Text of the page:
Objective-C Static Variables: Thanks, Apple Docs! [#iosdev #xcode]

I was looking for a very straightforward and concise definition of static variables and how they can be used in Objective-C, since I had already been using them, but only considering their usage in the context of how they are used in other languages (like C# and Java) without really thinking about their purpose and usage in Objective-C.

Thankfully, one needs only look as far as the Apple Developer Library and the official guide for the language (navigate to: Objects, Classes and Messaging > Classes > Class Objects):

The Objective-C Programming Language: Objects, Classes, and Messaging

Declaring a variable static limits its scope to just the class—and to just the part of the class that’s implemented in the file. (Thus unlike instance variables, static variables cannot be inherited by, or directly manipulated by, subclasses.) This pattern is commonly used to define shared instances of a class (such as singletons; see “Creating a Singleton Instance” in Cocoa Fundamentals Guide).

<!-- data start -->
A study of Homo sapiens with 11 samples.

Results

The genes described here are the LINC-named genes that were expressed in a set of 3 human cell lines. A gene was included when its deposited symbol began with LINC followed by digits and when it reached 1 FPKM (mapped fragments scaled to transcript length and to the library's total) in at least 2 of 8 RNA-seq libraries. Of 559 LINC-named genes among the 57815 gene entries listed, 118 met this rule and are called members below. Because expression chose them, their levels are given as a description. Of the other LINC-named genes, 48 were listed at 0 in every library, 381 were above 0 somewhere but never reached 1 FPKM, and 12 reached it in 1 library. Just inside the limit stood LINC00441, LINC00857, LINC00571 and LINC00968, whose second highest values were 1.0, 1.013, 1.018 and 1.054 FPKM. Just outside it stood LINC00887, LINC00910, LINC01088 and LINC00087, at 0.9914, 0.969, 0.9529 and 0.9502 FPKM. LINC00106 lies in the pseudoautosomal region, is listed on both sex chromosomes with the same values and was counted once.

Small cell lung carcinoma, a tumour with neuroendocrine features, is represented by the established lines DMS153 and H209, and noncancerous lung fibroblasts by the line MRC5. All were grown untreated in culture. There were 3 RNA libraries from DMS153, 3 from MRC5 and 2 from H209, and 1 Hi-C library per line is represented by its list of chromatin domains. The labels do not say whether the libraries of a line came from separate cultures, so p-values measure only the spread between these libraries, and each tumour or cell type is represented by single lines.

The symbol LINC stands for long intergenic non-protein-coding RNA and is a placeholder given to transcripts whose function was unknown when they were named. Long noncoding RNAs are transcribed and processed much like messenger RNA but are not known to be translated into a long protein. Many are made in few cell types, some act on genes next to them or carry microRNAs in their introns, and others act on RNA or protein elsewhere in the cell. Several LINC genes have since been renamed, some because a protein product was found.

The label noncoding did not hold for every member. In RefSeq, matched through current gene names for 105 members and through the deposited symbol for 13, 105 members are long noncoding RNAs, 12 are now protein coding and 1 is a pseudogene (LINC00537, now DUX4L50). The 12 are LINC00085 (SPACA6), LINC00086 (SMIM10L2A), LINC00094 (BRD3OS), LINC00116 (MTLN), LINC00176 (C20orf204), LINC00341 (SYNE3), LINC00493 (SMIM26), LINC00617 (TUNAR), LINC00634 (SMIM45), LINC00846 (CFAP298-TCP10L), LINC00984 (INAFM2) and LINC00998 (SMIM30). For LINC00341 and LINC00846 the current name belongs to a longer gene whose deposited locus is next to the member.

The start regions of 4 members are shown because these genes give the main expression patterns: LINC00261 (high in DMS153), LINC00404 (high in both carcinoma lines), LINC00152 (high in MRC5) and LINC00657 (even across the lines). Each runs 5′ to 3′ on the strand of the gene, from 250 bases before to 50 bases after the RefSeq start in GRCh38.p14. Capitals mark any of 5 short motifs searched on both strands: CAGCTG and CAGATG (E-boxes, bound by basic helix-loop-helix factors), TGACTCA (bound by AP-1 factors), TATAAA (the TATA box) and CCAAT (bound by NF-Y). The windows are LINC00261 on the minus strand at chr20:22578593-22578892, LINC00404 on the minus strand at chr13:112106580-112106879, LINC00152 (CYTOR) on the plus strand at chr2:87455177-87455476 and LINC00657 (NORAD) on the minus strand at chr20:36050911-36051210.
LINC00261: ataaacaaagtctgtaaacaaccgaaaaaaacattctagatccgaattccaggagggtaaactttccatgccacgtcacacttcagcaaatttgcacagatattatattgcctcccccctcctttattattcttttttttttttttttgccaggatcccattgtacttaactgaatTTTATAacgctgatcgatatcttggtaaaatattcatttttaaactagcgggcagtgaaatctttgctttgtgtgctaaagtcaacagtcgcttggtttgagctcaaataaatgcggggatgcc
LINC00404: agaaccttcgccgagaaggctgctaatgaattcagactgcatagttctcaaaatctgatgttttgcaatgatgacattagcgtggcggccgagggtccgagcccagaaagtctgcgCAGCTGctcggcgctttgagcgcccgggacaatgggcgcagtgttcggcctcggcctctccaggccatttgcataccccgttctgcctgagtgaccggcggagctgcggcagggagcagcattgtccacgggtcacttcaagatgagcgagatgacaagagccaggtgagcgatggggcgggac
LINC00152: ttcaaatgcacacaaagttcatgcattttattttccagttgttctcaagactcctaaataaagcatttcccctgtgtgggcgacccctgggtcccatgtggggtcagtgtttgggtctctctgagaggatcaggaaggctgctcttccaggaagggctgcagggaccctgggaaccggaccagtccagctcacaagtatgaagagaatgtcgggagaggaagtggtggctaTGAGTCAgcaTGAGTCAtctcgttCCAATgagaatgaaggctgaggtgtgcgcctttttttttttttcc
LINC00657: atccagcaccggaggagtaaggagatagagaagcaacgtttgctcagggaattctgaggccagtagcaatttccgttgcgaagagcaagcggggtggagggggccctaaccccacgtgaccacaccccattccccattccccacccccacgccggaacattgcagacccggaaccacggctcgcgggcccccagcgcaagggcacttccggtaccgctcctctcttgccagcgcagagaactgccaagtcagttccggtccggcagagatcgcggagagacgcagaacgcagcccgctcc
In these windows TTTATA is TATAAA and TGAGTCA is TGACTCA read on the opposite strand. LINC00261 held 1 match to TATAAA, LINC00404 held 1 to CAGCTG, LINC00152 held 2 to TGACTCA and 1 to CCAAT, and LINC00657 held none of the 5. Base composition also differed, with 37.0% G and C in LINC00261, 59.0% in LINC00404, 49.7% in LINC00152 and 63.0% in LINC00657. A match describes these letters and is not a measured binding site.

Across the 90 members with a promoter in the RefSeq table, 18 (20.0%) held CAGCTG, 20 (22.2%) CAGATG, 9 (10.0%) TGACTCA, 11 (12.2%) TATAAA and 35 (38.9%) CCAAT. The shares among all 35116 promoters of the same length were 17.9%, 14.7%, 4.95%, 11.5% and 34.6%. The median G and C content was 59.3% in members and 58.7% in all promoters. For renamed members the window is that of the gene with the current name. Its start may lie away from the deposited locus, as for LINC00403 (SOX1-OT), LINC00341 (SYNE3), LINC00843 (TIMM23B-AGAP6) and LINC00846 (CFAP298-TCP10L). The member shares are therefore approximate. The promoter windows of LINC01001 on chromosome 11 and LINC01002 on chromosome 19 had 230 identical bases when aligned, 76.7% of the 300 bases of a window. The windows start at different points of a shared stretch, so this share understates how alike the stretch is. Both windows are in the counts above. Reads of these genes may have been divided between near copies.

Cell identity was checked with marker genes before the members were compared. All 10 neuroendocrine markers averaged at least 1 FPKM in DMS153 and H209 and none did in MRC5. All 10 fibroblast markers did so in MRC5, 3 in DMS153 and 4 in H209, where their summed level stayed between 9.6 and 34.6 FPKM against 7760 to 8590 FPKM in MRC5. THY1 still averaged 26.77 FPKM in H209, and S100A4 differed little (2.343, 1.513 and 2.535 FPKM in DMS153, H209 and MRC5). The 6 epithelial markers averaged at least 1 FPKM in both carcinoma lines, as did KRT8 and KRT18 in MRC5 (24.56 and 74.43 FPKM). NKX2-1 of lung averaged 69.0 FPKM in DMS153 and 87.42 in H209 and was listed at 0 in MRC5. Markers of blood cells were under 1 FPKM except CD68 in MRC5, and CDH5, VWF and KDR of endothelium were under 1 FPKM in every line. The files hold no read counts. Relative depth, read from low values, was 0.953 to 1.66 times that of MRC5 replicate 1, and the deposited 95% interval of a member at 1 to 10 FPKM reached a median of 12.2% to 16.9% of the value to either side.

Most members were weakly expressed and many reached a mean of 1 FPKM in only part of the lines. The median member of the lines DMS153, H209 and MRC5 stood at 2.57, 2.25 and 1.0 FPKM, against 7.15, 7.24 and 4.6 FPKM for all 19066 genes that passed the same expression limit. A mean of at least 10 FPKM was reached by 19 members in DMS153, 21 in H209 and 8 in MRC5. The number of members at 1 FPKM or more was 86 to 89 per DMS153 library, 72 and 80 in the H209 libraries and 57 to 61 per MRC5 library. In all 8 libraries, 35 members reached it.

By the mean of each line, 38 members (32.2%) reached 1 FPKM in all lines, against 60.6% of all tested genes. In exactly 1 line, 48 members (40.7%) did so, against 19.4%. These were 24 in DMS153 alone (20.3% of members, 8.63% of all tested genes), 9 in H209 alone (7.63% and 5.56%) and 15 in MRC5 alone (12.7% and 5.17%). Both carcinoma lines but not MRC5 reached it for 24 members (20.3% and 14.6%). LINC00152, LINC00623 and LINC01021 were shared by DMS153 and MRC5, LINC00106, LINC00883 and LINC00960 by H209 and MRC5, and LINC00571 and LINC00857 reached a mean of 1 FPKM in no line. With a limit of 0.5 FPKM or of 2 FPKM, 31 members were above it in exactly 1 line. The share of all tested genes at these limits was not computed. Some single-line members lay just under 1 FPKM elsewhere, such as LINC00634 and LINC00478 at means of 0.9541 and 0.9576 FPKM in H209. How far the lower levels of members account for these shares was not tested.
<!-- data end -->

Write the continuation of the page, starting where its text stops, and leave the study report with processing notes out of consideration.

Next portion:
and then a little further down…

Static variables help give the class object more functionality than just that of a factory producing instances; it can approach being a complete and versatile object in its own right. A class object can be used to coordinate the instances it creates, dispense instances from lists of objects already created, or manage other processes essential to the application. In the case when you need only one object of a particular class, you can put all the object’s state into static variables and use only class methods. This saves the step of allocating and initializing an instance.

Sometimes we just do things based on “clipboard inheritance” from examples on Stackoverflow, etc., but once in a while it’s good to actually dive into the reasons why those examples are the way they are, or how they can be changed to suit a different purpose.